LILLEY: Opposition leaders’ talk of coalition a gift to Ford


In their haste to ensure the public knows they want to replace the Ford government and that they would never prop him up, they have put the possibility of forming a coalition of the far left in front of voters.

Voters aren’t necessarily opposed to coalitions in Canadian politics, but they do think that the party that wins the most seats should get a chance to govern.

In a column published in the Toronto Star this week, NDP Leader Andrea Horwath, Liberal Leader Steven Del Duca and Green Party Leader Mike Schreiner all said that under no circumstances would they support Ford if he had the most seats after the next election but not a majority.

“I would definitely not prop up Doug Ford, absolutely not,” Horwath told the Star.

Del Duca was also unequivocal in his statement.

“There is no way we’d be supporting Doug Ford,” he said.



“No, I can’t see how I’d support a Ford-led government,” Schreiner said.

The Star gleefully put this column and photos of Ford and the opposition leaders on its front page under the headline, Leaders issue warning to Ford.

It should have read, Opposition hands Ford gift.

From this day forward, the PC’s can campaign by appealing to voters that anything other than a vote for Ford’s re-election is a vote for a coalition of the far left. The NDP and Liberals have been stuck in the mid-20s in terms of voter support in several polls and are not in striking distance to wrest power away from Ford at this point.

What would Del Duca need to offer Horwath in order to get her support if Ford gets a minority? What about Schreiner?



The most likely scenario at this point is that if we end up in a minority, the Liberals will be in second place and will be dragged left by the NDP and Greens. Del Duca has tried to position himself as a Chretien centrist despite having served in the Wynne government which tried to outflank the NDP on the left.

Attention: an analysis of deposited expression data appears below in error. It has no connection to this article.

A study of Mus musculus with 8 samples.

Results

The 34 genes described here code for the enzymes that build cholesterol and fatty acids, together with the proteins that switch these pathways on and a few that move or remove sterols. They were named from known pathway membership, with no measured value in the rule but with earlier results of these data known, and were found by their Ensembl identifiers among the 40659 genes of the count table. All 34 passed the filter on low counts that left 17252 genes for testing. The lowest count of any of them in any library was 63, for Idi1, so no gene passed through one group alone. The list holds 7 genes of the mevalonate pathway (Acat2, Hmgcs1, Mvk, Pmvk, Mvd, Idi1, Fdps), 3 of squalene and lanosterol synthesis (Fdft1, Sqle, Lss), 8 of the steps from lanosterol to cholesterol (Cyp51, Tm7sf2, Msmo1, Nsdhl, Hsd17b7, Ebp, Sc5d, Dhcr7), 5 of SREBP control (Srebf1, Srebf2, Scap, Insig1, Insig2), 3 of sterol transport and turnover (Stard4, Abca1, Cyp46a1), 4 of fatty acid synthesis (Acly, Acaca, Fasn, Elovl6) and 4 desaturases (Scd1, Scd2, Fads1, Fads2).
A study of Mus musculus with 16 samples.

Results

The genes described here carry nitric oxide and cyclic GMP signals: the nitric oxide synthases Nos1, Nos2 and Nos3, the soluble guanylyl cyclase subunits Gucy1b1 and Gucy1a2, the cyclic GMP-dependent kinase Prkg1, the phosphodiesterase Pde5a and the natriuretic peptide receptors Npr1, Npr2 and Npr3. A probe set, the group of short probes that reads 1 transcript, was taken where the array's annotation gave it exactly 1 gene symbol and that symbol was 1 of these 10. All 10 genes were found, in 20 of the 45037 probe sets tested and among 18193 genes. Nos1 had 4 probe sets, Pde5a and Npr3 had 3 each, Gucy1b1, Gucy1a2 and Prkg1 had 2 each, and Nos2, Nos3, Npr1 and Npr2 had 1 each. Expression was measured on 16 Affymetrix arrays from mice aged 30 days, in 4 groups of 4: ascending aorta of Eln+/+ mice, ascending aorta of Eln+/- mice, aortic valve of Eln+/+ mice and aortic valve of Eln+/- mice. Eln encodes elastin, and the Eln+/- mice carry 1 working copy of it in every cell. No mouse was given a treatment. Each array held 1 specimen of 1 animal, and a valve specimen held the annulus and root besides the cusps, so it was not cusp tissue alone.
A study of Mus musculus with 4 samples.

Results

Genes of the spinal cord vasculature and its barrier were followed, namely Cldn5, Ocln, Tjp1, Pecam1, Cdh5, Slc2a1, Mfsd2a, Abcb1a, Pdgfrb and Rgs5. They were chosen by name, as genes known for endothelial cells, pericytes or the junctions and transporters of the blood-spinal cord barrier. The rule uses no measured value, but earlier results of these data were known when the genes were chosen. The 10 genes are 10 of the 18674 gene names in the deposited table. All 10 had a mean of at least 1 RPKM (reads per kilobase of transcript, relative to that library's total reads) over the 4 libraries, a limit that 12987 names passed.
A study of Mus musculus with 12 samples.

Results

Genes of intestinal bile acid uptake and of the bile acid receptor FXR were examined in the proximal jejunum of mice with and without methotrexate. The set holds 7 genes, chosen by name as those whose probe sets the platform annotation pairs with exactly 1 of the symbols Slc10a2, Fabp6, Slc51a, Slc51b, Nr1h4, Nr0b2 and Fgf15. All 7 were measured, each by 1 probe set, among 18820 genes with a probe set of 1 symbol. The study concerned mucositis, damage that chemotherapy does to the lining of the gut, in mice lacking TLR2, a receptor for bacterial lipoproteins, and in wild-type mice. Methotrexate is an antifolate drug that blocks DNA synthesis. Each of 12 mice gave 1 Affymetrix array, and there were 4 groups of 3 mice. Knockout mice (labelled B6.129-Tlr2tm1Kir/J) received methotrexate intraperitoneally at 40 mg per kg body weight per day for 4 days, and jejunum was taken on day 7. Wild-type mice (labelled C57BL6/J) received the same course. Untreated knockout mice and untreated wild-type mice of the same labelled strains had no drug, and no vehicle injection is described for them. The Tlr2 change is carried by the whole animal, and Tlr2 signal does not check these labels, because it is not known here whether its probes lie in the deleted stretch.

Del Duca would be dragged further left if he tried to seize power. I’m betting he regrets talking about this issue with the Star already.




A poll conducted by Maru Public Opinion for TV Ontario two weeks ago showed that when asked which party voters would choose to lead them through the pandemic if they could turn back time, 42% still chose the Ford PCs, 25% chose the NDP and 24% chose the Liberals.

  1. Prime Minister Justin Trudeau speaks to reporters next to Deputy PM and Finance Minister Chrystia Freeland and Minister of Intergovernmental Affairs Dominic LeBlanc on Parliament Hill in Ottawa, Aug. 18, 2020.

    Liberals, opposition clash on legislative agenda in final week before break

  2. Prime Minister Justin Trudeau is pictured at a news conference at Rideau Cottage in Ottawa, Ontario on June 22, 2021.

    LILLEY: Trudeau talks as if election campaign has already started

That’s an indictment of the opposition, not Ford, considering that he only received 40% of the vote in 2018.

Lots can change between now and when voters cast their ballots on June 2, 2022 but at this point, the opposition is running from behind and doing a bad job of trying to catch up.